Chamber Music Society of Lincoln Center Returns to Princeton in Fine Form
By Nancy Plum
The holiday season means many things in Princeton — a brightly-decorated tree in Palmer Square, busy post office lines, and in musical terms, the annual performance of J.S. Bach’s Brandenburg Concertos by the Chamber Music Society of Lincoln Center. Presented by McCarter Theatre, this performance in Richardson Auditorium has always given audiences a respite from breakneck December activities, and this year was no exception. Last Monday night, 21 instrumentalists joined together in a variety of combinations to perform Bach’s six concertos which are considered the epitome of the Baroque form. Each concerto featured a different blend of soloists, and the members of the Chamber Music Society demonstrated both solid ensemble and refined solo playing.
Bach’s Brandenburg Concertos (BWV 1046-1051) were a collection of six instrumental works presented by Bach to the Margrave of Brandenburg-Schwedt, whom Bach hoped would assist him with securing a new position. Likely unheard by their intended recipient, the concertos achieved audience recognition during the 19th-century revival of Bach’s music, and remain to this today not only crowd favorites but also a tremendous challenge to instrumentalists.
The Chamber Music Society of Lincoln Center presented these six three-movement works in an unusual order, with keys somewhat related from concerto to concerto and with the size of the ensemble gradually increasing onstage as the evening progressed. Concerto No. 5 in D Major features flute, violin, and harpsichord soloists, and especially in case of the harpsichord, the audience could hear the best of the instrument from the outset. Violinist Cho-Liang Lin, flutist Robert Langevin, and harpsichordist Kenneth Weiss led an accompanying string quartet in a very quick and lean interpretation of what may be the most popular of concerto of the six.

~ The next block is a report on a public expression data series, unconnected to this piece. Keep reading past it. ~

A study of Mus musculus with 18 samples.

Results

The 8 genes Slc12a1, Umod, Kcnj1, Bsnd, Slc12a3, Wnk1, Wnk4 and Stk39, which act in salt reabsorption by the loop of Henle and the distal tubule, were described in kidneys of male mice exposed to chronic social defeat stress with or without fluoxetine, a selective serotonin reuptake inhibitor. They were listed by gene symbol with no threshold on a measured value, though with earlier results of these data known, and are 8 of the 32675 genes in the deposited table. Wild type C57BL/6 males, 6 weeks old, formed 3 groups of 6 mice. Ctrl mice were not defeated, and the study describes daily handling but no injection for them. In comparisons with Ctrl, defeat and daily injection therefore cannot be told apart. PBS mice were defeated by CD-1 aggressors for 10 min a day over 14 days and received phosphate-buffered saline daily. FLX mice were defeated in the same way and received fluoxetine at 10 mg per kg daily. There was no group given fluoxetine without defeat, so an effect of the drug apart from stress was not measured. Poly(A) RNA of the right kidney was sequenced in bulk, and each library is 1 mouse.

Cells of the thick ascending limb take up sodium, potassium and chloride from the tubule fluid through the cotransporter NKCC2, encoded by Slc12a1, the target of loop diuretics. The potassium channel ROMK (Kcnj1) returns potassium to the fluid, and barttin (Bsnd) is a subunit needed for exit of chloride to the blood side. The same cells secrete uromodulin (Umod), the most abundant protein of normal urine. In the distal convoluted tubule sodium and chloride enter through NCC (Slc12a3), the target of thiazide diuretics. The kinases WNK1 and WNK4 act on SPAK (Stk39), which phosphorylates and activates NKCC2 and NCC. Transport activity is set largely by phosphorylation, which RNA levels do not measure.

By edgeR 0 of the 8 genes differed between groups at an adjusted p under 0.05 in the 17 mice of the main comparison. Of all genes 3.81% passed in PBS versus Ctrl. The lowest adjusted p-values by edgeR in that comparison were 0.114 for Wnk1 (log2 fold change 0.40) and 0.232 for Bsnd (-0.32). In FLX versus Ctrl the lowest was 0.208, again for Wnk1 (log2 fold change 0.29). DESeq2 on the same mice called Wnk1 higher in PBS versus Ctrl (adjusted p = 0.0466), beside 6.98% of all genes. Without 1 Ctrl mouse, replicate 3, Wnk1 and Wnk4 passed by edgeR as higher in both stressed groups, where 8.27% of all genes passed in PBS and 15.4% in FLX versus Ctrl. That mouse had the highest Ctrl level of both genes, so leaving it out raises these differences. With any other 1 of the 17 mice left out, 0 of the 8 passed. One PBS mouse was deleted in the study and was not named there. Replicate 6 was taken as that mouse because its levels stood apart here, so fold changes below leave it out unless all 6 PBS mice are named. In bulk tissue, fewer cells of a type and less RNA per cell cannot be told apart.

Langevin played with a mellow flute tone and Lin, playing a 1715 Stradivarius instrument, provided sensitive melodic lines and graceful phrasing together with the flute. Kenneth Weiss, one of two players to perform in all six concertos, showed fluid keyboard work and particularly flowing running notes, especially in an extended cadenza at the end of the first movement.
Concerto No. 6 in B-flat Major was unusual in its scoring for two violas, three celli, double bass, and harpsichord. Originally composed for viola da gambas, this concerto’s scoring for lower strings created a rich sound, and the audience could enjoy instruments not usually at the forefront in orchestral music. Violist Yura Lee took the lead, joined by fellow violist Richard O’Neill, who both emphasized dynamic contrasts amid quick tempi.
Another audience favorite is Concerto No. 2 in F Major, featuring trumpet, flute, oboe, and violin soloists. Playing a piccolo trumpet, soloist Brandon Ridenour played subtly when combined with the other instrumentalists and then soared in the third movement’s virtuosic solo lines, considered some of the most difficult in the trumpet repertory. Oboist Randall Ellis played expressively, no matter how short the phrase, joined by flutist Carol Wincenc and violinist Danbi Um, and the trademark Baroque ornaments were clean from all instruments.
Scored for all strings, Concerto No. 3 in G Major was led by violinist Daniel Phillips, over a solid foundation of three violas, three celli, double bass, and harpsichord. As the only double bass player, Joseph Conyers was part of all six concertos, consistently in perfect time with harpsichordist Weiss and cellists Efe Baltacigil, Nicholas Canellakis, and Colin Carr to provide solid continuo accompaniment. The ten string players and harpsichordist who performed Concerto No. 3 exhibited especially uniform rallantados and cadences leading to the recurring orchestral refrain.
The Chamber Music Society players achieved an especially dark and rich sound in Concerto No. 1 in F Major, the first concerto in the series, but the last performed on Monday night. Scored for strings with two horns and three oboes, this concerto featured a darker wind and brass sound accompanying Daniel Phillips’ violin solos, with hunting call effects recalling Bach’s “Hunting Cantata,” from which this concerto is derived. Hornists Jennifer Montone and Julie Landsman demonstrated clean and well-tuned thirds throughout the concerto, answered by a trio of oboists. Oboist Stephen Taylor played an elegant lament in the second movement Adagio, leading to the joyous set of dances which closed the set of concertos and the performance.
Last Monday night’s concert may have been during one of the busiest weeks of the year, but the success of Chamber Music Society’s performance proved that there is always room for Bach in a hectic schedule.